Tips and Resources

Finding the right college takes time and energy.  Here’s a few resources to help you find information:


College planning books – available at your local library, bookstore or online.

Of course, there’s lots of information online.  Some college planning websites include: includes lots of valuable information including annual rankings in many categories and student comments about colleges.

Visit to read about colleges that have been handpicked by admission experts for the Colleges of Distinction project based on four factors: student engagement, great teaching, vibrant communities and successful outcomes.

For scholarship information, try and

Check out this helpful downloadable PDF file with financial aid, scholarship and college planning checklist for Junior and Senior high school students.  (Published by the Kansas Association of Student Financial Aid Administrators)

LinkedIn has an interesting ranking of colleges and universities based on career outcomes. See which schools are launching graduates into desirable jobs.

College ROI Report: Best Value Colleges: With the average college student graduating with almost $30K in student loans, prospective college students, parents and policymakers are all trying to better understand the value of college education in the job market. READ MORE


Talk to your high school counselor.  Your school’s counseling website is a great place to start your college search process.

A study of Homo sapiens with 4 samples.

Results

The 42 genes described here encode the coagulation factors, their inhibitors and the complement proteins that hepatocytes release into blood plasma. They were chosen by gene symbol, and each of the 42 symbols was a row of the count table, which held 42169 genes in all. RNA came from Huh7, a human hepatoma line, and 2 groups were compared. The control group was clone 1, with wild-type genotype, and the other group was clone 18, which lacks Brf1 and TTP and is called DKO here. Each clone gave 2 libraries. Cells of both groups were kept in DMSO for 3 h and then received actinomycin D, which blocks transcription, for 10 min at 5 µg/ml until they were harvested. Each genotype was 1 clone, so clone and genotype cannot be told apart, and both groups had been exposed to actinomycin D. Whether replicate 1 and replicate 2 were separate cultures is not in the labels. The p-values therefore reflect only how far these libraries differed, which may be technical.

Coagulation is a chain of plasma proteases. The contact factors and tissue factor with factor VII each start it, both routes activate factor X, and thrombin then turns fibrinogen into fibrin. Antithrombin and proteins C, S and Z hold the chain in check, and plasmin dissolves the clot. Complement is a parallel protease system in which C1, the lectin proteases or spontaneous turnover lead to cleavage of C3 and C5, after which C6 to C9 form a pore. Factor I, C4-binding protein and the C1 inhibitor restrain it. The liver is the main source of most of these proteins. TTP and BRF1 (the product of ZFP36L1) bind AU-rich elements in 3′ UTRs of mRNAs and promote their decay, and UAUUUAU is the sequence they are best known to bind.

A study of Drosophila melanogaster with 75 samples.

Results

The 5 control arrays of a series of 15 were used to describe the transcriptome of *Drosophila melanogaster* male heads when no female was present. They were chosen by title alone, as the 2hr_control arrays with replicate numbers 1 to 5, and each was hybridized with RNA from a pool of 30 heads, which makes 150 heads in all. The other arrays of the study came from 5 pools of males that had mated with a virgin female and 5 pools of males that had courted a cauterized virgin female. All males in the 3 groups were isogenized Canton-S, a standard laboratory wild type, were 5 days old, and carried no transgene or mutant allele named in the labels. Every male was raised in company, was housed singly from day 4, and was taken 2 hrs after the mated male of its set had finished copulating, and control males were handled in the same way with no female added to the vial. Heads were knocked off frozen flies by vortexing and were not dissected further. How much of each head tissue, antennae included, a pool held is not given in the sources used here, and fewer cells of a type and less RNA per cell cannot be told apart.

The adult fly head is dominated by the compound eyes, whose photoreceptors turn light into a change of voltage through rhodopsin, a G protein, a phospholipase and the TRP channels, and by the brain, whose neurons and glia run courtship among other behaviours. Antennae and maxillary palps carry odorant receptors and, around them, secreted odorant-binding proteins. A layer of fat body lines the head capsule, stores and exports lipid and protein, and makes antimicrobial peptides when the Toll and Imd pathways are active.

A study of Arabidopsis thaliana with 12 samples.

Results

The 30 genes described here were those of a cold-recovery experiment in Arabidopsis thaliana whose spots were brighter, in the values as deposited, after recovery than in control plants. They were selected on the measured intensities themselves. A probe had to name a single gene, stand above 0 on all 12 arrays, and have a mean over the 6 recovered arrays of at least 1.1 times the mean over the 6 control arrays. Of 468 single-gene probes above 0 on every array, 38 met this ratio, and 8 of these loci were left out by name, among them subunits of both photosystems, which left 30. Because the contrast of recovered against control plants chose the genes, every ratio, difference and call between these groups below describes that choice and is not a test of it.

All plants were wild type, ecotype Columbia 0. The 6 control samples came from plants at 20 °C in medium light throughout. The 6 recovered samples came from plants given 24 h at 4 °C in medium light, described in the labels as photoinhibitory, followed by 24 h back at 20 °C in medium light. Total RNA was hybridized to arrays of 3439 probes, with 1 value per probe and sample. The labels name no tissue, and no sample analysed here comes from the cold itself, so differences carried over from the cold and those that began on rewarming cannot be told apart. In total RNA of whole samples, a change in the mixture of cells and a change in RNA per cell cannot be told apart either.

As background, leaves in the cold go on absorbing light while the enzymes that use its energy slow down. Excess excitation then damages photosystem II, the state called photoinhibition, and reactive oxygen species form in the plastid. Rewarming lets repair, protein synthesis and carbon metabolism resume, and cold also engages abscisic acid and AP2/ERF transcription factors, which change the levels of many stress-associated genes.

Talk to college representatives.  Attend the Shawnee Mission College Clinic or other local college fair and talk to representatives face to face.  Ask questions in person!

Talk to people who have gone through the college search process before, both students and their parents.


Make a few college visits.  Try to visit while school is in session if possible.  In addition to a formal tour of the campus, you might want to arrange to sleep in a dorm and eat in the dining hall.  Visit some classes and talk to as many students as possible.


Before committing to an in person trip to a college campus, check out  You can take a virtual tour of many college and university campuses from across the country.


Did you know that of all the students who play sports in high school, about 7% will go on to play in college, but only 1% will play for an NCAA Division I school? There are thousands of opportunities to play your sport at smaller four-year universities that belong to the National Association of Intercollegiate Athletics (NAIA).

You can find out more about Early Decisions, NAIA sports and schools and much more at


Here’s an article with tips about writing a successful college essay.